The World Database on Protected Areas (WDPA) is the most comprehensive global database of marine and terrestrial protected areas, updated on a monthly basis, and is one of the key global biodiversity data sets being widely used by scientists, businesses, governments, International secretariats and others to inform planning, policy decisions and management.
The ASTER Global Digital Elevation Model (GDEM) Version 3 (ASTGTM) provides a global digital elevation model (DEM) of land areas on Earth at a spatial resolution of 1 arc second (approximately 30 meter horizontal posting at the equator).
The development of the ASTER GDEM data products is a collaborative effort between National Aeronautics and Space Administration (NASA) and Japan’s Ministry of Economy, Trade, and Industry (METI). The ASTER GDEM data products are created by the Sensor Information Laboratory Corporation (SILC) in Tokyo.
Since 1972, the joint NASA/ U.S. Geological Survey Landsat series of Earth Observation satellites have continuously acquired images of the Earth’s land surface, providing uninterrupted data to help land managers and policymakers make informed decisions about natural resources and the environment.
This paper discuss the profound effects of climate change on oceanic fish habitats, food webs, the fish stocks they support and, as a consequence, the productivity of fisheries
This paper discuss impacts of climate change on corals according to standardized metrics. It also deals with non-climate drivers because of the synergistic effects they have with climate drivers affecting Pacific corals.
This report synthesizes the emerging evidence of climate impacts at different temperature thresholds for Pacific islands. All evidence points to vast differences in impacts in a 1.5˚C world, compared to the +3˚C world to which our current policies and climate change pledges are leading us. For Pacific islands and marine and coastal ecosystems in the region, these differences cannot be overstated; even a 0.5˚C difference (between 1.5˚C and 2˚C) may mean that critical tipping points are crossed.
This guidebook outlines how to use communication as more than just a tool for outreach, but rather as a mechanism to catalyze change in a community’s attitude and behavior.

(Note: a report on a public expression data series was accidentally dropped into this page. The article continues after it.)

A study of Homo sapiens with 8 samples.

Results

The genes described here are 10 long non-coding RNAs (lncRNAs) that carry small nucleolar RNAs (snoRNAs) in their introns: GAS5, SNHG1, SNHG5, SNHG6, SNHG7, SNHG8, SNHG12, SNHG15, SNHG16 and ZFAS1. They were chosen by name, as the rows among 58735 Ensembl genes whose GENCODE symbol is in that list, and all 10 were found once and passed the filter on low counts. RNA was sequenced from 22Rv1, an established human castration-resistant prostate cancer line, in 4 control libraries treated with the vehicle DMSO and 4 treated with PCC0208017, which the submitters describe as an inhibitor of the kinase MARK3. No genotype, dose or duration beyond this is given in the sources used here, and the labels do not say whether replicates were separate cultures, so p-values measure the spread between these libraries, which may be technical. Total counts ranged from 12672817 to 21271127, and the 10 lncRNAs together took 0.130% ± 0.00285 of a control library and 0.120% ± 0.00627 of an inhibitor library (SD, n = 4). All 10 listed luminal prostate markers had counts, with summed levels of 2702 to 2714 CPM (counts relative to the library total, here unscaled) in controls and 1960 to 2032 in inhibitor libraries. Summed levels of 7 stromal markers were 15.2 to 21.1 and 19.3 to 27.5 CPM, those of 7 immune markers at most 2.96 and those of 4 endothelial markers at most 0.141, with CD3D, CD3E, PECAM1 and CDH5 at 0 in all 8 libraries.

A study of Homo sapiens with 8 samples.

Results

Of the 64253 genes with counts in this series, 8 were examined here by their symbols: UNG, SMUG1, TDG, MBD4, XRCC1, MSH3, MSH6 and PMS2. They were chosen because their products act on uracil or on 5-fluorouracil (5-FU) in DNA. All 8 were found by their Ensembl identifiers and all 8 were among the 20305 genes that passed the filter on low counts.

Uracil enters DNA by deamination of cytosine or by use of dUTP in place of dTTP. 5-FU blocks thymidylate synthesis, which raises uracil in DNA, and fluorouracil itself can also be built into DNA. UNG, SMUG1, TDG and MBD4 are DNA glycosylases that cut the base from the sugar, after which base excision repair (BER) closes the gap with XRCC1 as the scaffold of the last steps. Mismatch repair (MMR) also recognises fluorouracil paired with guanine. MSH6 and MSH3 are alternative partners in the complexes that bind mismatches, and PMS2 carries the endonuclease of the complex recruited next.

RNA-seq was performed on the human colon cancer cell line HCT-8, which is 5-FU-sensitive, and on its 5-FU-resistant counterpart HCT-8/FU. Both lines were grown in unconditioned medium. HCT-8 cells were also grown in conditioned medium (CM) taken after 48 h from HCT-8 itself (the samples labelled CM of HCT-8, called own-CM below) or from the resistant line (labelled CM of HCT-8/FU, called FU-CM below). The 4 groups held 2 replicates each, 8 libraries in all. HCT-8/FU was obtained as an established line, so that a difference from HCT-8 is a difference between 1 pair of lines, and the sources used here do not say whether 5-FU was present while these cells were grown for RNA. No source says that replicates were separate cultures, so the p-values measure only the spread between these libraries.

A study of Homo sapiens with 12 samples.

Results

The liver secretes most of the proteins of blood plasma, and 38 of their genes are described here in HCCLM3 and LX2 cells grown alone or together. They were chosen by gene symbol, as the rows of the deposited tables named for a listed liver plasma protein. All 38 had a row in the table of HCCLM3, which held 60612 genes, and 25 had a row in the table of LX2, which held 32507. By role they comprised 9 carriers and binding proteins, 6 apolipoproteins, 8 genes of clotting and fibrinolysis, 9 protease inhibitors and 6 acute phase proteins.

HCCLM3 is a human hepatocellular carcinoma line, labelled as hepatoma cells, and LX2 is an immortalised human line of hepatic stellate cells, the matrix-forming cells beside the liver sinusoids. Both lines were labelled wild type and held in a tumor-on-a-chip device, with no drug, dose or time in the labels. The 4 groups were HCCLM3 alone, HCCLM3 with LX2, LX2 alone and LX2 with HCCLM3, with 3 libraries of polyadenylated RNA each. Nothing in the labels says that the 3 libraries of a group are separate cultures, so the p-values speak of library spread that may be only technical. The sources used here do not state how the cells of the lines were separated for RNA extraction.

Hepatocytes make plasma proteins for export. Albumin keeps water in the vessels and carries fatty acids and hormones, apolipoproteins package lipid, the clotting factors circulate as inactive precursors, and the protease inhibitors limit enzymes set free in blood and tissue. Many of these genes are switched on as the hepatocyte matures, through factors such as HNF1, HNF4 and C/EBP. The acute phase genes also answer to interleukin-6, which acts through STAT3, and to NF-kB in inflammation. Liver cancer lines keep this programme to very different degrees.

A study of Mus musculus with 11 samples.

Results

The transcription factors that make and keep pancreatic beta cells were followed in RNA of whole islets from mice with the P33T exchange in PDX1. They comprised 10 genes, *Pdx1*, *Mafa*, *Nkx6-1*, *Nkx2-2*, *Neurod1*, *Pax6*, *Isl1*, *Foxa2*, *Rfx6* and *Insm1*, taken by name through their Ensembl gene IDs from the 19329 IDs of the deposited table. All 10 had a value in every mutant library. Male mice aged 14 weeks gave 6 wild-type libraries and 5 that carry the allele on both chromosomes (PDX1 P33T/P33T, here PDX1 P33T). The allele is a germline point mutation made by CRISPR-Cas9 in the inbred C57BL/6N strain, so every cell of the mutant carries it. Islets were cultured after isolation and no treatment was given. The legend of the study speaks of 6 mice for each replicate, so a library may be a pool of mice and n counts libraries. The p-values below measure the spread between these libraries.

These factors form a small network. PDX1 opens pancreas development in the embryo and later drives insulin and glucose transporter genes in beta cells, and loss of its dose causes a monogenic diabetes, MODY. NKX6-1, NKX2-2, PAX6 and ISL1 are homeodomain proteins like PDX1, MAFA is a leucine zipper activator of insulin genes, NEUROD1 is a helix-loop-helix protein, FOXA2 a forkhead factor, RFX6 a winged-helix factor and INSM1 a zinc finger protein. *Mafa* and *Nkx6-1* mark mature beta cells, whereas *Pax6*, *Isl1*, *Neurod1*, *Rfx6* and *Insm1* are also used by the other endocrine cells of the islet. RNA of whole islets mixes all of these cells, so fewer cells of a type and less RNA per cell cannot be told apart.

The water systems of the world — aquifers, lakes, rivers, large marine ecosystems, and open ocean — sustain the
This book is of worldwide benefit to people, for assessment and management of biological invasion risks
The humphead wrasse Cheilinus undulatus is a small but important part of the international trade in live reef food fish, being one of the highest species in unit value. The main threats of the live reef food fish trade to the sustainability of the species are overfishing and the effects of destructive fishing on the target species, non-target species and on the reef environment.
In light of the many existing guidebooks already available to support CBA (cost benefit analysis), this document is intended only as an introductory guide with a focus on the practical application of CBA in the Pacific. It indicates key questions and issues to address but it does not explain the theoretical concepts underpinning CBA.
Verbesina encelioides, a gray, golden crownbeard, is a sunflower-like herbaceous annual plant ranging in height from 0.3 to 1.7 m with showy yellow flowers. It is native to the southwestern United States, the Mexican Plateau, and other parts of tropical America. Its invasive characteristics include high seed production (as many as 300–350 seeds per flower and multiple flowers per plant), seed dormancy, ability to tolerate dry conditions, and possible allelopathic effects. Many other Pacific islands with similar habitats could be invaded by V. encelioides
Marine invasive species are currently recognized as one of the major direct causes of biodiversity loss and changes in ecosystem provisioning and supporting services. This dataset documents the recent progress in addressing their growing threat to ocean biodiversity and ecosystems.
A report on the regional inception of the second phase of the Biodiversity and Protected Areas Management (BIOPAMA) programme, for the Pacific that was held at the Tanoa Tusitala Hotel, Apia, Samoa from 11th to 15th June 2018.